When things become intense in my life, I find myself looking in the nooks and crannys for “the story inside the story”. Funny how there is always one hiding, waiting to be lured out into the light. Often it has humor no matter how dark the surround. It’s message is always along the lines of “keep looking, we know more than we think we know.”

My day started after a long light. My mom was taken by ambulance to hospital with breathing problems. There was no available bed in any of the private hospitals and the ambulance drove around Cape Town’s dark streets for 3 hours trying to find a room with a bed at a hospital inn. We spent the hours driving around Cape Town looking for an ambulance looking for a bed. Suddenly in the dark and rain pelting down on our windshield, I saw an ambulance parked on the side of the road. Stop! I yelled to my husband, we pulled up beside it. I just had a sense about something. I rolled down my window, the driver rolled hers down as well and we both looked at each other through the rain. Do you have Mrs. Gilaad in the back? I asked. Yes she said. Follow me! I shouted. The joys of mobile phones I, her doctor and her heart specialist had managed to bypass the “no room” rules and had made a plan for her to be admitted to the hospital where her medical team worked and knew her history. I felt like Moses. She was admitted, the paramedics hugged me and we all headed home, exhaustedly relieved.

Breakfast the morning after on the balcony with my sister who had driven through from Caledon 2 hours away. Suddenly we saw the whales frolicking under our breakfast balcony. Huge and elegant as they eased their giant bodies in and out of the water. What a sign! In the midst of intensity there is always magic. “Nothing brings gifts like chaos” my friend Naama’s voice rings in my ears, evoking the perspective of her close relative, Mr. A. Einstein. The Mr. E. Those whales seemed to have a message for me of hope, of joyful release into the great expansive, holding space of the ocean, our original home. Life and death, waves and ocean. All one.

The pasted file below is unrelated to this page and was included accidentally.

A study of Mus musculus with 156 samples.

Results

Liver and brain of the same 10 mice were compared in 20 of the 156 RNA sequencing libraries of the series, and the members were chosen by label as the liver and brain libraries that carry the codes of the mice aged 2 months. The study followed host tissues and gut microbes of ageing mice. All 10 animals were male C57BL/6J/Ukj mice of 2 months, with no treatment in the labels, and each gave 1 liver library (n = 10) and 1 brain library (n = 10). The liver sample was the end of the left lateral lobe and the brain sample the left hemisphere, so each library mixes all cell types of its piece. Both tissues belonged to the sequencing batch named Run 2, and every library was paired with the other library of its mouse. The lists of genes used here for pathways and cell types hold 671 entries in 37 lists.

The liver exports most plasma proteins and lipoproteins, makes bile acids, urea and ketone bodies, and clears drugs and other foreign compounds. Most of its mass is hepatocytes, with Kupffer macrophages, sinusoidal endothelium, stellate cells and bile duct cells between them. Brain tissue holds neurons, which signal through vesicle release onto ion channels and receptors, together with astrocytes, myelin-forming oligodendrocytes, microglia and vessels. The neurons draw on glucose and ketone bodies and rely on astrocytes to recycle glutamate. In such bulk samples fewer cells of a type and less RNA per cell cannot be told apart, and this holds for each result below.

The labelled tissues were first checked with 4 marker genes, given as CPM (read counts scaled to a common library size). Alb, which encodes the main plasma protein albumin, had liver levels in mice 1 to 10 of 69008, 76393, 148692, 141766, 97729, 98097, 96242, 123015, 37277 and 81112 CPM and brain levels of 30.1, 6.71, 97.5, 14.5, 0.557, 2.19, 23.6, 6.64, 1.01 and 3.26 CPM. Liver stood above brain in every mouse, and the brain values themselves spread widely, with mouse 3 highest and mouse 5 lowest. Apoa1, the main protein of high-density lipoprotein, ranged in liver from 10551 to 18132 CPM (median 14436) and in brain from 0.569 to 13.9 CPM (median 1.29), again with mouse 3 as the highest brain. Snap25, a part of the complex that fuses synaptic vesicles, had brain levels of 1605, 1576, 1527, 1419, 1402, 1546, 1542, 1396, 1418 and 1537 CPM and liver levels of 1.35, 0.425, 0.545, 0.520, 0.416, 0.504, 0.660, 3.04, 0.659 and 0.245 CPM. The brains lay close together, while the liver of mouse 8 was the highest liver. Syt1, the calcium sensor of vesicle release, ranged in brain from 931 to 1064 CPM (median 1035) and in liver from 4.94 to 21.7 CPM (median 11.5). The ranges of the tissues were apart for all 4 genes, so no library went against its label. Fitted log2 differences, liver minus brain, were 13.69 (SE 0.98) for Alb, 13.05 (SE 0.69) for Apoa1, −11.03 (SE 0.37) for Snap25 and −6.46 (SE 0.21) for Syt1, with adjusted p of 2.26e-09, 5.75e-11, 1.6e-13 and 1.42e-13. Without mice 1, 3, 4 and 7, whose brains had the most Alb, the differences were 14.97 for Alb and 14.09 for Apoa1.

My mom’s machines beep and burp – she sounds like a casino. The patient next to her is in a coma. He is a young rugby player, injured in a game. Today is a big World Cup rugby day, the staff in the ICU are wearing Springbok shirts instead of their usual whites. The talk is animated, of players and fouls and shots and will we wont we win this one. The young man’s family have him hooked to headphones to hear the world cup, play by play. South Africa against Wales, him against death, my mother’s chest against breath; Wales scores but South Africa wins. Wails of joy frolicking in the Intensive care unit – another battle won.

Sister Devy is in a chatty mood. South Africa won even though they didn’t play good, she says in her Afrikaans accent. Us Coloured people we love rugby, she says. I want to tell her about our beautiful coloured boy child we have in our family. How much he has taught us about racial tolerance. And yes, he too, like the rest of the country is mad about rugby. I speak to her about comas and music and tell her how my son as a music therapist had experienced response in a comatose patient. The inexplicable line between consciousness and unconsciousness. His family have been singing to him. They are all part of their church choir, she says.

Then the toffee apples story comes out – the story inside the story. I always talk to my patients, she says. I know they can hear me, even if they are in a coma. She continues her story as she administers the nebulizer on my mother, who barely hears. One weekend I asked a comatose patient to help me with something – a toffee apple recipe. I had to make them for my church fair. I really need your help with this recipe, I said to her. After the weekend when I came back, I told her I was cross with her because her she hadn’t done anything for me and my toffee apples had flopped – the syrup, instead of coating the apples had run all over the place. You see? I said, I needed your help. Now, that patient, she came out of her coma months later, guess what she started talking about? Toffee apples! Her doctors thought she was delusional. Luckily she recognized my voice coming from the other end of the ward. That’s when I told her doctors the story.
Ja-nee, she says.  Yes-no we know more than we think we know, she says landing me a no-nonsense- nurse- look.  I agree I say, to the back of her.